Each year, about 4,300 children are diagnosed with brain tumors in the United States. In fact, childhood brain tumors rank as number two killer among pediatric cancer patients, second only to leukemia. Trying to improve outcomes for these young patients is what drives researchers like Dr. Kalkunte Srivenugopal and his colleagues to spend long hours in the laboratory looking for answers.
Srivenugopal’s research at the Texas Tech University Health Sciences Center School of Pharmacy in Amarillo received a boost in November when the Cancer Prevention and Research Institute of Texas (CPRIT) named him a recipient of an Individual Investigator Research Award for Cancer in Children and Adolescents (IIRACCA).
The four-year, $1.23 million grant, titled, “BBB-penetrating redox-responsive smart drugs and exploiting the MGMT-driven S-phase checkpoint for chemotherapy of childhood brain cancers,” is a competitive renewal of a CPRIT grant Srivenugopal received in 2012.
“Our proposal received an outstanding rating,” Srivenugopal said. “Only seven applications out of 45 were selected in the IIRACCA category, so we are happy to obtain continued CPRIT funding for our research in these difficult times.”
Over the last twenty years, Srivenugopal said there have been marked improvements in the survival rates of patients with mild medulloblastomas, the most common type of malignant pediatric brain cancer that originates in the rear portion of the brain called the cerebellum. However, he said the outlook for children with other brain cancers in the brainstem and spine, called gliomas, has changed very little.
“Every pediatric brain tumor patient goes through chemotherapy using alkylating agents, which is often preferred to radiation because of the ill-effects of the latter on the developing brain,” Srivenugopal explained. “However, the treatment fails because these tumors have multiple genetic abnormalities, and malignant cells can escape the cytotoxic effects of drugs and develop resistance.”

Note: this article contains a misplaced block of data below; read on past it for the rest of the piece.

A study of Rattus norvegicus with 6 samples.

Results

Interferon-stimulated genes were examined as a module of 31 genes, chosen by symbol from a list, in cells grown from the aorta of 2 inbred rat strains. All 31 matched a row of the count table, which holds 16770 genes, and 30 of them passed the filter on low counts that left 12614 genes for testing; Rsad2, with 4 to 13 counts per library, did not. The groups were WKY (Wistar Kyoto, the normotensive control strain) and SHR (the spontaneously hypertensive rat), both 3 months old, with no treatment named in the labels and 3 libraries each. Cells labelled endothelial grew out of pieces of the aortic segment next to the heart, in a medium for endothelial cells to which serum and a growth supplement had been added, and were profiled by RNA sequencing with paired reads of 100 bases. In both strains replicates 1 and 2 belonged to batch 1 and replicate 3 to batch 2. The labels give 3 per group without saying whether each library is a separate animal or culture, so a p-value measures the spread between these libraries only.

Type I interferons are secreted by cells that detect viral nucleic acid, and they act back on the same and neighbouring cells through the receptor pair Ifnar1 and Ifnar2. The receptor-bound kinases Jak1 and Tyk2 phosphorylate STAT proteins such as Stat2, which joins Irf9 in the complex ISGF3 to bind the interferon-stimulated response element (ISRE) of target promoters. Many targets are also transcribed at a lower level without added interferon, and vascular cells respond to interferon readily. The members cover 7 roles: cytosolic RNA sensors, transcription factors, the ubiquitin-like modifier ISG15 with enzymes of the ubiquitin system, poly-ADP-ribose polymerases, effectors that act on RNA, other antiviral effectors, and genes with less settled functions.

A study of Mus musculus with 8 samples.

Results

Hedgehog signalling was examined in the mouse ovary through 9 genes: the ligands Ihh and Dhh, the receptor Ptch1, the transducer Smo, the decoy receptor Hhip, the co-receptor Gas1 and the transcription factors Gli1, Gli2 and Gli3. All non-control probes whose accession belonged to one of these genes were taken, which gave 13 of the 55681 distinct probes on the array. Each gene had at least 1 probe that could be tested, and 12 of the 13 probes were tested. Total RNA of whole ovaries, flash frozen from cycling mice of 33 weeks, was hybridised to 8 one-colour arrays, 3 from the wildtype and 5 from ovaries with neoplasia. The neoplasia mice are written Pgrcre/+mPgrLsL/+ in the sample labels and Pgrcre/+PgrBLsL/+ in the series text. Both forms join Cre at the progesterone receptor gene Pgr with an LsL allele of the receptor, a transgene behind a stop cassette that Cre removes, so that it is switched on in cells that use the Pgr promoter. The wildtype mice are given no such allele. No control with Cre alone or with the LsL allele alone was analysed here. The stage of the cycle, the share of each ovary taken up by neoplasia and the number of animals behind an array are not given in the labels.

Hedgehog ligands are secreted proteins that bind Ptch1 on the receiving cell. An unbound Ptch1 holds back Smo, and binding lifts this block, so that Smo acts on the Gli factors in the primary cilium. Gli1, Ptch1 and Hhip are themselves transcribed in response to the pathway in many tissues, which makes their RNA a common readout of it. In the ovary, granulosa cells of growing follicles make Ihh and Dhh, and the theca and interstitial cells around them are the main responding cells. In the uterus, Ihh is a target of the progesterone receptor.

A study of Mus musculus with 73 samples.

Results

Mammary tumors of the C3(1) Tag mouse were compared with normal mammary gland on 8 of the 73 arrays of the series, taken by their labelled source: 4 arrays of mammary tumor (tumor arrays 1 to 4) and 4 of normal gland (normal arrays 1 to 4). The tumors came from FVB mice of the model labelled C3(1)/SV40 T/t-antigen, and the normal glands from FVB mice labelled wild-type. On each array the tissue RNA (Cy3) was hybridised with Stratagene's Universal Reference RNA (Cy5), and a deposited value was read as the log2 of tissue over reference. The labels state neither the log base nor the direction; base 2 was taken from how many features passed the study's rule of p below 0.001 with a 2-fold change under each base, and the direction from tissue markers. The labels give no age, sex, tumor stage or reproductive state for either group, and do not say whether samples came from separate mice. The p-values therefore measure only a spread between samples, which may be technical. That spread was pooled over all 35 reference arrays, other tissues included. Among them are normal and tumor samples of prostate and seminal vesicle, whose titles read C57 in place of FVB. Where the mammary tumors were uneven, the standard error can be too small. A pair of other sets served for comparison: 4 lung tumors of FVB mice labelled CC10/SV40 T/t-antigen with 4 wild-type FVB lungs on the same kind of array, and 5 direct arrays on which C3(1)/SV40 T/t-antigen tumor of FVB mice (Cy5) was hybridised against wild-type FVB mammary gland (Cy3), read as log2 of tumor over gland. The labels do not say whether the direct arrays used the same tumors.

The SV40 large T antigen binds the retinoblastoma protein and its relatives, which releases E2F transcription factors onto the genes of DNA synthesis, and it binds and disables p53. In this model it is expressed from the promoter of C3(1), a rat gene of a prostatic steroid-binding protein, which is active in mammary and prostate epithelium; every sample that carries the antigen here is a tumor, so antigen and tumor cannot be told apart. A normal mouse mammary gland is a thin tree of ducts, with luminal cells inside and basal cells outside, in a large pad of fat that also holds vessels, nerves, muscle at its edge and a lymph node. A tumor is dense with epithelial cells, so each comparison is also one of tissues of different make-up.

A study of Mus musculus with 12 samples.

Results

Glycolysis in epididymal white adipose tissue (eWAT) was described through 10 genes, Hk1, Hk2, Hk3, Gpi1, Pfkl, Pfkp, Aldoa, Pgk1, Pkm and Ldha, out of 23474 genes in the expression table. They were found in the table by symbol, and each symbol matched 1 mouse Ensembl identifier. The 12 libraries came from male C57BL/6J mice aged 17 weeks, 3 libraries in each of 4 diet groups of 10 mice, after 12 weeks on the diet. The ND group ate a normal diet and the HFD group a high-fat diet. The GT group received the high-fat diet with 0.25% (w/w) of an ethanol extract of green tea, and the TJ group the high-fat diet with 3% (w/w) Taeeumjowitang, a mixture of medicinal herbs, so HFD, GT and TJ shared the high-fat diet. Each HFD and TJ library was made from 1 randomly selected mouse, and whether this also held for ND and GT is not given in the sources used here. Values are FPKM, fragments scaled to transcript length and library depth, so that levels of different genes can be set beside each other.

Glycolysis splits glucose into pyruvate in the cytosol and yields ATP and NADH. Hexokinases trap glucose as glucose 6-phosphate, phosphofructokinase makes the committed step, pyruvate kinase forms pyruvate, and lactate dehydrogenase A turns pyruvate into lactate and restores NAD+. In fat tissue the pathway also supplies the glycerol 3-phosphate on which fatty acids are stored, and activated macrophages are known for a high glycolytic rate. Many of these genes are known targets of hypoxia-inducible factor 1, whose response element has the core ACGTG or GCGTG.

Because chemo-drugs for brain cancers are scarce and have changed little over the years, Srivenugopal said there is a significant need to find new and more effective drugs.
“Drugs that can hit multiple targets simultaneously will be particularly useful,” he added.
With that goal in mind, Srivenugopal’s research seeks to discover targeted drugs for childhood brain tumors that will exploit the cell biology of a DNA repair protein known as MGMT for chemotherapy using agents specific to the S-phase, which is the DNA synthesis phase of a cell’s cycle. His research will help to initiate clinical trials using new drugs.
“We are a cell biology/chemistry laboratory and have synthesized a small molecule called KSS-72, which gets into the brain, increases the oxidative stress, affects multiple targets and kills glioblastoma cells in cultures and in mice. We will engineer KSS-72 to selectively deliver DNA damaging agents to brain cancers.”
In addition, Srivenugopal said the MGMT repair protein has been found to have non-repair functions in DNA replication, which means inhibiting MGMT activity can reduce the scope of DNA synthesis.
“This finding provides us a new strategy: combining the MGMT inhibitors with drugs that curtail DNA synthesis to achieve brain tumor regression,” he added. “We will synthesize novel amino acid-linked and brain penetrating S-phase-specific drugs and test all compounds in cell culture and brain cancer models. Our efforts represent a major step forward in pediatric brain tumor management”.